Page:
General Editors: Dean C. Jessee, Ronald K. Esplin, Richard Lyman Bushman. Volume Editors: Dean C. Jessee, Mark Ashhurst-McGee, Richard l. Jensen. Salt Lake City, Utah: The Church Historian’s Press, 2008. Hardbound, 7 ¼ x 10 ¼”, 568 pgs. ISBN: 9781570088490
The Joseph Smith Papers, comprising dozens of volumes when complete, will be the largest, most authoritative published collection of Joseph smith documents anywhere. Although broad in scope, the Papers project has a relatively simple aim: to make available essential sources for the study of early Mormon history and of Joseph Smith—the church president and prophet, the city builder, the civic and military leader, the husband and father.
With unprecedented access to Joseph Smith texts, including many never before published, this landmark project provides new information and insights about Joseph Smith, early Mormonism, and nineteenth-century American religion. The documents, topically arranged into several series, include journals, correspondence, sermons, revelations, translations, histories, minutes, and legal and business records.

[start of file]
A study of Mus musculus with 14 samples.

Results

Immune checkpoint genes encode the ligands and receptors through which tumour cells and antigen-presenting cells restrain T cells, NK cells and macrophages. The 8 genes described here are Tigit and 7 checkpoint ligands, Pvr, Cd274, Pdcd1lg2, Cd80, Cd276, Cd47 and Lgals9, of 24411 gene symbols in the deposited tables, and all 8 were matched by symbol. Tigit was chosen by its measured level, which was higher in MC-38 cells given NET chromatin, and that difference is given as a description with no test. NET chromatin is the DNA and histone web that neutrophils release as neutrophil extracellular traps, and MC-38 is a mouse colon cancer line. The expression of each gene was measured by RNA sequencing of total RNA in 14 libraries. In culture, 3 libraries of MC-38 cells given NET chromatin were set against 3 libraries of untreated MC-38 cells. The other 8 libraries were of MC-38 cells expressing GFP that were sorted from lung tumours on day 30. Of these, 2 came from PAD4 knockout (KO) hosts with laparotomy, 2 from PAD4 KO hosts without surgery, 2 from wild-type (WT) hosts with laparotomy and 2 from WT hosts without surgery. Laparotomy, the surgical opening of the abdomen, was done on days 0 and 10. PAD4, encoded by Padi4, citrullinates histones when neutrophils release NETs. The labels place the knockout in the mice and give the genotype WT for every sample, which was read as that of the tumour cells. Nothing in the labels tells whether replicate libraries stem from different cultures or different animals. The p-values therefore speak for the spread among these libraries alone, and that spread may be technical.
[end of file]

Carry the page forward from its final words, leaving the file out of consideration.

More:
This inaugural volume features Joseph Smith’s first five journals and reflects the beginning of Mormon record keeping in the church’s earliest years. Joseph smith began recording his first journal in 1832 in a small pocket-size book that he carried along with him during his missionary travels. Studying these personal entries gives the reader an appreciation for Smith’s character, including his private piety and love for family. The work of journal keeping was soon thereafter delegated to scribes.
Joseph Smith’s second journal includes some of the earliest versions of his revelations. The final three journals in this volume, document the origins of the “Mormon War” in Missouri and Joseph Smith’s early efforts to establish a new headquarters for the church in Commerce (later Nauvoo), Illinois.
Two forthcoming volumes in the Journals series will feature Joseph smith’s lengthy Nauvoo journals, kept primarily by scribes Willard Richards and William Clayton. These journals, covering almost every day of Smith’s life from mid-December 1841 to his murder in June 1844, report his activities and discourses as he administered the affairs of growing church and introduced new religious doctrine while also serving a city mayor and head of the militia.